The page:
State Rep. David Martin today joined a bipartisan coalition of state legislators to introduce a comprehensive plan to keep state government accountable to Michigan citizens when emergency powers are exercised.
Various state laws provide the governor and state department heads increased authority to address urgent situations — often when the health or safety of residents is at risk. These emergency powers were used more broadly than ever before during the COVID-19 pandemic.
Martin said the wide-ranging, 31-bill package introduced today makes carefully considered changes to state law to add transparency and ensure the people of Michigan are represented in the decisions being made at the state level.
“When an emergency first arises, it’s common sense to have someone in place with the authority to take immediate action to protect Michigan families,” said Martin, of Davison. “However, if that emergency situation drags on for months, or years, the state’s continued response should be deliberated in a transparent manner through the legislative process, through which the voices of people all throughout our state are considered.”
Part of the plan ends the application of certain administrative authorities after 28 days, at which point the Michigan Legislature would decide whether circumstances warrant the extension of the emergency powers. The changes are modeled after one of the state’s most prominent emergency powers laws, the Emergency Management Act, which allows the governor to declare a state of emergency or disaster and issue orders for a period of 28 days, after which the Legislature may approve an extension.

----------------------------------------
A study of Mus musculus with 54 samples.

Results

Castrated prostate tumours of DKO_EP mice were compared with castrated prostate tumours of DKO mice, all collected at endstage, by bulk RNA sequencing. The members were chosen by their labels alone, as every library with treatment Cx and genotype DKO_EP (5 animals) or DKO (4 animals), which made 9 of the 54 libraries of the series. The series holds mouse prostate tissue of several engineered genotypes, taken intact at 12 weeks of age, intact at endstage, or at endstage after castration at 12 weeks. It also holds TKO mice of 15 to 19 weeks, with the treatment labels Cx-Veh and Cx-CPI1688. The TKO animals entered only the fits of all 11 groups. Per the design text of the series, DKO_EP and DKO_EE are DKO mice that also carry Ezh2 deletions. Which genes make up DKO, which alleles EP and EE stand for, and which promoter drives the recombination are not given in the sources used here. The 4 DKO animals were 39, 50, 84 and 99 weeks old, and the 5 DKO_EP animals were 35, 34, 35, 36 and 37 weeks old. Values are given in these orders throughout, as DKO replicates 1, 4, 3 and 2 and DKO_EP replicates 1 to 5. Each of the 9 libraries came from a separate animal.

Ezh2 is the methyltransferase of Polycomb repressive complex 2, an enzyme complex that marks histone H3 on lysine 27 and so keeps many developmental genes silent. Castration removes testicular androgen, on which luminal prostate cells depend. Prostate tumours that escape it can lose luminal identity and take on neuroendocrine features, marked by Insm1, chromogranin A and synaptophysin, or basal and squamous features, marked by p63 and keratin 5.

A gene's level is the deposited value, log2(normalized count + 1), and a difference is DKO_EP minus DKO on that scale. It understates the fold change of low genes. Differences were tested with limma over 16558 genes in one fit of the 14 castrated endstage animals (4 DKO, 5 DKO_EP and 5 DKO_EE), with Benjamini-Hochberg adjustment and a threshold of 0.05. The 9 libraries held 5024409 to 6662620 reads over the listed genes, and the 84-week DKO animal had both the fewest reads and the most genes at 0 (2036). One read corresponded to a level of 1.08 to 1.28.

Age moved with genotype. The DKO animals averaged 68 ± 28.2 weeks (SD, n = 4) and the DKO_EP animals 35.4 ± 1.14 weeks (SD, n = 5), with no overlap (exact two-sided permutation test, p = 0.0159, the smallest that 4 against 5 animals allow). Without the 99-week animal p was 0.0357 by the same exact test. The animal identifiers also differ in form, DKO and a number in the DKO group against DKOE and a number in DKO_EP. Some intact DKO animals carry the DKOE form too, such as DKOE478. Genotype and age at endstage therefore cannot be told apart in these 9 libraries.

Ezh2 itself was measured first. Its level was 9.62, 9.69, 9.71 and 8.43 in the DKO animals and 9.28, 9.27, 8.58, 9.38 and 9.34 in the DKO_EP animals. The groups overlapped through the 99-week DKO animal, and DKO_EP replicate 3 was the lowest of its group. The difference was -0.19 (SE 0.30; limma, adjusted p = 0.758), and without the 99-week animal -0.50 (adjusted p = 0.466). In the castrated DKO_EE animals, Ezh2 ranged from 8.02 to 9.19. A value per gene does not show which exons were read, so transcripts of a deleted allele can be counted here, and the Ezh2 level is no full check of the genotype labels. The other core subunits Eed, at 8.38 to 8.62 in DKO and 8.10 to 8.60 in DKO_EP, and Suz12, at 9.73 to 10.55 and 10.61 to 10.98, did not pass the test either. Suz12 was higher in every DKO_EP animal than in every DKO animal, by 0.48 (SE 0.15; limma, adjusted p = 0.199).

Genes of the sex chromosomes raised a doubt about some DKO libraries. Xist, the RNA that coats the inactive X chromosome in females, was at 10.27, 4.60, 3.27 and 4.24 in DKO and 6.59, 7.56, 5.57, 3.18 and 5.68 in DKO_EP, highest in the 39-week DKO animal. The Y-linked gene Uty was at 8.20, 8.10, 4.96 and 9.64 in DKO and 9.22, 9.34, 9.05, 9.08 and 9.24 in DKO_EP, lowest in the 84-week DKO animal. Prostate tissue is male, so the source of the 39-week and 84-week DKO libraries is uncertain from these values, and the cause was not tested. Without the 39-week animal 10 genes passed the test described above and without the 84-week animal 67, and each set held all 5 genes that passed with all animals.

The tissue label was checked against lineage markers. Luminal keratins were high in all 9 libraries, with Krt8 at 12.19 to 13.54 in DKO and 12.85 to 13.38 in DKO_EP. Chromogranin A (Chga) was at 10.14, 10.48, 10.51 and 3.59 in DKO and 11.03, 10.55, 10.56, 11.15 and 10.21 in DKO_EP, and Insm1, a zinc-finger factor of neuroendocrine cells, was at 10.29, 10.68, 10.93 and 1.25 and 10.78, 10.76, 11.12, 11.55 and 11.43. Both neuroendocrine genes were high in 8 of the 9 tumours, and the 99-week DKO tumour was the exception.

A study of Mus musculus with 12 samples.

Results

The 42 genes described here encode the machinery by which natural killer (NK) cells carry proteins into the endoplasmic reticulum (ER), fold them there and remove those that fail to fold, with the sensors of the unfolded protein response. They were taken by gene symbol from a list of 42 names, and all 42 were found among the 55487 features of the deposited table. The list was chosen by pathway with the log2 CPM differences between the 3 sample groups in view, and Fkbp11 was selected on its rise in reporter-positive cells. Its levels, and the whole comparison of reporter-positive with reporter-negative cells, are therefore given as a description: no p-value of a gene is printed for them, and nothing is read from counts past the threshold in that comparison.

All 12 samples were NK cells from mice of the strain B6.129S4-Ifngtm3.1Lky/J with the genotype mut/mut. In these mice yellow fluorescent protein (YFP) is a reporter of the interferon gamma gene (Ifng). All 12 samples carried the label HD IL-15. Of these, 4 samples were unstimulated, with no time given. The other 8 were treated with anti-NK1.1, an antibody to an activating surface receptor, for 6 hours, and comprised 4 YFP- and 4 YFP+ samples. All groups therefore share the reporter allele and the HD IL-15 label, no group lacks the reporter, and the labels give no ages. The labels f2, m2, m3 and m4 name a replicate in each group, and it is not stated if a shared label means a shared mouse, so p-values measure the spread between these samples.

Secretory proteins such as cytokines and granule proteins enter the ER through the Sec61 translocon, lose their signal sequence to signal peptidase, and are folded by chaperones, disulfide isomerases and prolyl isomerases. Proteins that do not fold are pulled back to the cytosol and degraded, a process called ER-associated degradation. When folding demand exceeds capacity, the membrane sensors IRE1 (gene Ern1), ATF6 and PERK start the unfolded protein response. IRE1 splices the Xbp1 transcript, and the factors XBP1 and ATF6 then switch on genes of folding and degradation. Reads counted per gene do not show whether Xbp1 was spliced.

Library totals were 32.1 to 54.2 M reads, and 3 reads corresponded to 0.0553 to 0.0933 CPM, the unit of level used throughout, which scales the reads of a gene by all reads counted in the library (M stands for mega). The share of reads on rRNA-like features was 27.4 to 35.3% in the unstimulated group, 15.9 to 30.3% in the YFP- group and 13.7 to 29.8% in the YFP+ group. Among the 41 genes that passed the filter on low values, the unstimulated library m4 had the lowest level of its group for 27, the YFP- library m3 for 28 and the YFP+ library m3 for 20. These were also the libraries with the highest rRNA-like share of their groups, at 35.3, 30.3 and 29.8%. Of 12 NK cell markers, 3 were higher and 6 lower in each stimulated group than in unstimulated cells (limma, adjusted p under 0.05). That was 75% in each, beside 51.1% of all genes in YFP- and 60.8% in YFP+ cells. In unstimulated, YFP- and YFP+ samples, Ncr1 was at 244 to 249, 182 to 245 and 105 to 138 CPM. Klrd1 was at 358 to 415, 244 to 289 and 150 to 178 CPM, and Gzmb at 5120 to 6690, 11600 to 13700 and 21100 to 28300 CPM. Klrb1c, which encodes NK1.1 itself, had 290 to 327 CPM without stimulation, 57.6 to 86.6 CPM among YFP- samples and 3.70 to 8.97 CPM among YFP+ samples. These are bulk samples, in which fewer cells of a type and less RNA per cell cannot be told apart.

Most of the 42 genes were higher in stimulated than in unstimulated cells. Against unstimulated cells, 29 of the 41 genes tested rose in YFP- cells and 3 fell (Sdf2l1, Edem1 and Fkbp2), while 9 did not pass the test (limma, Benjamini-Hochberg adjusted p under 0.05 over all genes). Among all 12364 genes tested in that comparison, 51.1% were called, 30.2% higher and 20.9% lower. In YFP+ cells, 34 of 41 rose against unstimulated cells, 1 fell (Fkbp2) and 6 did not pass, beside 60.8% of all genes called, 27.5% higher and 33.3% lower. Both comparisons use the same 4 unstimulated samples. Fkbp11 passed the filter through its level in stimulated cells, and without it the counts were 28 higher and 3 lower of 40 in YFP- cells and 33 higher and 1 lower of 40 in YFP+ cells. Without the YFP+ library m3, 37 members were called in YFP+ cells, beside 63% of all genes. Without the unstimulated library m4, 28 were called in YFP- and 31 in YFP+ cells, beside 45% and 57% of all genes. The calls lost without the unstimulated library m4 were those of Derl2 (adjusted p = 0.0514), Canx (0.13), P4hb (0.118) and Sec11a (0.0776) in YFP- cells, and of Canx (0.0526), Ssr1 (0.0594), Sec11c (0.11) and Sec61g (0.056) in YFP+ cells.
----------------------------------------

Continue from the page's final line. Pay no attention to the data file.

To ensure legislators are aware of the use of emergency authority, other bills would simply require the executive branch to notify the Legislature in a timely manner — typically 24 hours — after some powers are exercised.
Specifically, the measure Martin introduced, House Bill 6202, ensures the Legislature is notified within 24 hours if a governor declares an energy emergency.
A handful of bills in the package would repeal unnecessary or outdated emergency powers, some of which have seldom or never been used. Other statutes to be repealed are redundant, granting emergency authority also provided in the Administrative Procedures Act or elsewhere in Michigan law.
The bipartisan plan, contained in House Bills 6184-6214, was referred to the House Oversight Committee for consideration.